Covid-19 is now mentioned in only around one in 90 death registrations in England and Wales, new figures show.
A total of 107 deaths registered in the week ending May 21 had Covid-19 included on the death certificate, according to the Office for National Statistics (ONS).
This is the equivalent of 1.1% of all deaths registered in the week.
It is the lowest proportion since the week ending September 11 2020, when the figure was 1.0%, according to analysis by the PA news agency.
At the peak of the second wave, in the week ending January 29 2021, the figure stood at 45.7%.
This was the highest proportion for any week since the pandemic began.
During the first wave of the virus, the proportion peaked at 39.2% in the week to April 17 2020.
The number of Covid-19 deaths registered in England and Wales in the most recent week (to May 21) is also the lowest since the week to September 11.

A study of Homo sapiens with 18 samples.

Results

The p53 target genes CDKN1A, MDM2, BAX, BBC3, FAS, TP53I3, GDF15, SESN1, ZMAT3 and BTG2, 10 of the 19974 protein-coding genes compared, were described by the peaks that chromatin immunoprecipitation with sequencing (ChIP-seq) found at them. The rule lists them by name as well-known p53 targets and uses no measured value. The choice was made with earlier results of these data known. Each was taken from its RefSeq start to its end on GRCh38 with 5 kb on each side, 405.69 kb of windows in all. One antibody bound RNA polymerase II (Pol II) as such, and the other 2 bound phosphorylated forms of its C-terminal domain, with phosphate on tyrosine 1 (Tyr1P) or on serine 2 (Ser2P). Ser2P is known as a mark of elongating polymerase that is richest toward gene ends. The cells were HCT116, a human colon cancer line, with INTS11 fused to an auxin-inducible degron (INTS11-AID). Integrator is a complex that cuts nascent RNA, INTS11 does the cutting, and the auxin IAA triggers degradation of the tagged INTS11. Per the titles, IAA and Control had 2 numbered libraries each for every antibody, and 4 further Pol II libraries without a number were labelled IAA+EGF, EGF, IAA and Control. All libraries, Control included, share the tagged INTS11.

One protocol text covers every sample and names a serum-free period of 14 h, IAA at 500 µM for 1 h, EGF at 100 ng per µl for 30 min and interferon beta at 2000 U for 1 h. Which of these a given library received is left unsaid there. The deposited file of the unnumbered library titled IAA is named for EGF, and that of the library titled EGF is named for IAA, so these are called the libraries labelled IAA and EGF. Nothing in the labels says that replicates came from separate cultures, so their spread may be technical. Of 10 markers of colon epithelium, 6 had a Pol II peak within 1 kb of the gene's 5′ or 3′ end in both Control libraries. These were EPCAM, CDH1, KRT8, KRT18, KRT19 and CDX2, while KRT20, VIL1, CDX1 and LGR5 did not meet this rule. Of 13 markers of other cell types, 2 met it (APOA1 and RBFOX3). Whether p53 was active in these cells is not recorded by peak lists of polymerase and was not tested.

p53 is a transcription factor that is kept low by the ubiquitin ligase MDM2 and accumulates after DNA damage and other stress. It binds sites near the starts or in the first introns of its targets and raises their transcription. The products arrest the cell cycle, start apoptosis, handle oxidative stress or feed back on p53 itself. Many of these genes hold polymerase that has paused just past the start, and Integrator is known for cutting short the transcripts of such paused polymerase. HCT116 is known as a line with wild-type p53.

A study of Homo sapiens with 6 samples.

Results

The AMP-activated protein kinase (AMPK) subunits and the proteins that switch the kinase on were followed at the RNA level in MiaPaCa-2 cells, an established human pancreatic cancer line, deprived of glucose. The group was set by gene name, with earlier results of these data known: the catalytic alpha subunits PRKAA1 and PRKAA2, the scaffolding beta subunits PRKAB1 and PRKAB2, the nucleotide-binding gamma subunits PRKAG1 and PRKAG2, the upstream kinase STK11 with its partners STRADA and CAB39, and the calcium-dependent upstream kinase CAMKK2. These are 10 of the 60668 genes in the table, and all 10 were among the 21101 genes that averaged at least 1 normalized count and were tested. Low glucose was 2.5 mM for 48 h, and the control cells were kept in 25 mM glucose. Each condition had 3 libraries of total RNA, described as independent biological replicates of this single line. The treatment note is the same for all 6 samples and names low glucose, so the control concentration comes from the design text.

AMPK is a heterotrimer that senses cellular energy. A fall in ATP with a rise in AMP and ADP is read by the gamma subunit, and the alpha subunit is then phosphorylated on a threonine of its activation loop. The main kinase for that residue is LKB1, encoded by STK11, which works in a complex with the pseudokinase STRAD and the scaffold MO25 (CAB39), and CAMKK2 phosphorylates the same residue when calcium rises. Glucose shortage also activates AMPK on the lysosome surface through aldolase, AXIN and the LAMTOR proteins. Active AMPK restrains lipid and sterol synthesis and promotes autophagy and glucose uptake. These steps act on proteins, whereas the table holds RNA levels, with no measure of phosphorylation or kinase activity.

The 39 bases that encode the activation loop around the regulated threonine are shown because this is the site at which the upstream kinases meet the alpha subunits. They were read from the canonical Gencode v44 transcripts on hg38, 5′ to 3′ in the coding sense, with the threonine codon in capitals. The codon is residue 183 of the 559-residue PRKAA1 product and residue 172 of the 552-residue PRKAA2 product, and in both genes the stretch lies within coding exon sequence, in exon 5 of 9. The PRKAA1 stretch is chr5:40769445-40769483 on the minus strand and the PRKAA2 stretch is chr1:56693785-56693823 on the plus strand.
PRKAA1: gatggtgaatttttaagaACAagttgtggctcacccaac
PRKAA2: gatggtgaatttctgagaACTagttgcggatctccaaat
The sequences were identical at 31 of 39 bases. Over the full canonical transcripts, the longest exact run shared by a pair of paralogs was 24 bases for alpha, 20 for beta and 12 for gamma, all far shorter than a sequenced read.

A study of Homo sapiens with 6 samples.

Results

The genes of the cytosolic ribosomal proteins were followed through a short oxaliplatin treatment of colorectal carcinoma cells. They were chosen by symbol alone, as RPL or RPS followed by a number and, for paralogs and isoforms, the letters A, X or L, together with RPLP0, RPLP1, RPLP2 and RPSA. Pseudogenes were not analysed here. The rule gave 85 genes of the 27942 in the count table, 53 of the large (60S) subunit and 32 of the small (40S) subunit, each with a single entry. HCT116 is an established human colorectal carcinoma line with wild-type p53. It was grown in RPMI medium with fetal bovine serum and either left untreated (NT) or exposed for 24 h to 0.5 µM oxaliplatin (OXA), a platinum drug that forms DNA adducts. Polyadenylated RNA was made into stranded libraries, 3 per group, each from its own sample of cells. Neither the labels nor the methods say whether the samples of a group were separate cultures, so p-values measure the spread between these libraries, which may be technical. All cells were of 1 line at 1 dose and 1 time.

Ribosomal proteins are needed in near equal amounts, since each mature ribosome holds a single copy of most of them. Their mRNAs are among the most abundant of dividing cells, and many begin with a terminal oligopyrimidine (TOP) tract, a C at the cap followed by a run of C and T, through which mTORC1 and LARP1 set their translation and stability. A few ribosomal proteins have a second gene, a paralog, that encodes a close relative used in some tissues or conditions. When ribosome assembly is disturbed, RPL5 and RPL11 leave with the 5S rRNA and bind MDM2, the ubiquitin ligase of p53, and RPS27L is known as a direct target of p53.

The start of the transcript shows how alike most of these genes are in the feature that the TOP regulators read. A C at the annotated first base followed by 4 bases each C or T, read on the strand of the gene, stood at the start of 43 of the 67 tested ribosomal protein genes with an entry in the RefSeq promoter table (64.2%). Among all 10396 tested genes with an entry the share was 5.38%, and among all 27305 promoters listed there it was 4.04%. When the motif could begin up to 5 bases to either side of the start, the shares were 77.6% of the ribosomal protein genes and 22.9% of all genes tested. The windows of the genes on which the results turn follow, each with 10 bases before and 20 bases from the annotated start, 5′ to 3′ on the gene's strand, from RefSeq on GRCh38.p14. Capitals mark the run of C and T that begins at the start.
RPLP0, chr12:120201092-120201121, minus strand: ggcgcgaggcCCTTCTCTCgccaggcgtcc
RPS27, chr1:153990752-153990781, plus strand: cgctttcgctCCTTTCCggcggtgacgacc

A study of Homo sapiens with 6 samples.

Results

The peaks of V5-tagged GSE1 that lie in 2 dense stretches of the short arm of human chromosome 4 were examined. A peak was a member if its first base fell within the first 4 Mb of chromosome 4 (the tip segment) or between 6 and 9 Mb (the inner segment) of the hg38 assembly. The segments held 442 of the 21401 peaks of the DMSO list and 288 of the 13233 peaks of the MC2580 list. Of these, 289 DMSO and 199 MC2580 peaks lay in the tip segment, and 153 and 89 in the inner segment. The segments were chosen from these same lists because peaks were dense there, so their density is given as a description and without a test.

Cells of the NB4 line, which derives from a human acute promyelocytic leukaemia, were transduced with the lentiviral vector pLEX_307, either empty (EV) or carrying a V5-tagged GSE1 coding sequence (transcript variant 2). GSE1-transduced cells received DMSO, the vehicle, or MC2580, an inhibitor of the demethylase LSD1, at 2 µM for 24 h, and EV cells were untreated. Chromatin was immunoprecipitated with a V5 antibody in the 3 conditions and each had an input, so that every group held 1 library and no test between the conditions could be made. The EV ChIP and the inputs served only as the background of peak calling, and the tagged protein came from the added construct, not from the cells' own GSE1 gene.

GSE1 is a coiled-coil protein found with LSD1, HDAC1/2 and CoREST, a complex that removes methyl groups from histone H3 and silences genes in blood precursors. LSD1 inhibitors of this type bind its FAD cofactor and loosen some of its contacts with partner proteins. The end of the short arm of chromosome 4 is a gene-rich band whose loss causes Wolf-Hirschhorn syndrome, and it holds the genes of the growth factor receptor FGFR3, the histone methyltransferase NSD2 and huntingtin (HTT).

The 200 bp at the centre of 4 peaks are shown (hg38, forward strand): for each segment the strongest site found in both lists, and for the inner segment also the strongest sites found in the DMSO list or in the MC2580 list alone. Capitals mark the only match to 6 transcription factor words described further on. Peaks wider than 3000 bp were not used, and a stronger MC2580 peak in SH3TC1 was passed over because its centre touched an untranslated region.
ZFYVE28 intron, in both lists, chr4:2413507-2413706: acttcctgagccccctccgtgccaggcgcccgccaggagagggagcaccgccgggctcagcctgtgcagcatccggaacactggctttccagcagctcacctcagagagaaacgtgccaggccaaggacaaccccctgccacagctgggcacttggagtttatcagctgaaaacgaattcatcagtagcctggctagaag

The figures reflect the steady fall in deaths involving Covid-19 since January, with the combined impact of social restrictions and the vaccine rollout continuing to drive down the spread of the virus.
Covid-19 deaths among people aged 70 and over have fallen by 99% since the second-wave peak, PA analysis also shows.
Just 51 deaths in this age group occurred in England and Wales in the week ending May 14, down from 7,426 deaths in the week ending January 22.
Deaths for those aged 65 to 69 fell by 97% in the same period, and for those aged 60 to 64 the drop is 98%.
Deaths that occurred in the most recent week of reporting – the week to May 21 – are still being registered.
Meanwhile a total of 153,229 deaths have now occurred in the UK where Covid-19 was mentioned on the death certificate, the ONS said.
The highest number of deaths to occur on a single day was 1,477 on January 19.
During the first wave of the virus, the daily death toll peaked at 1,461 deaths on April 8 2020.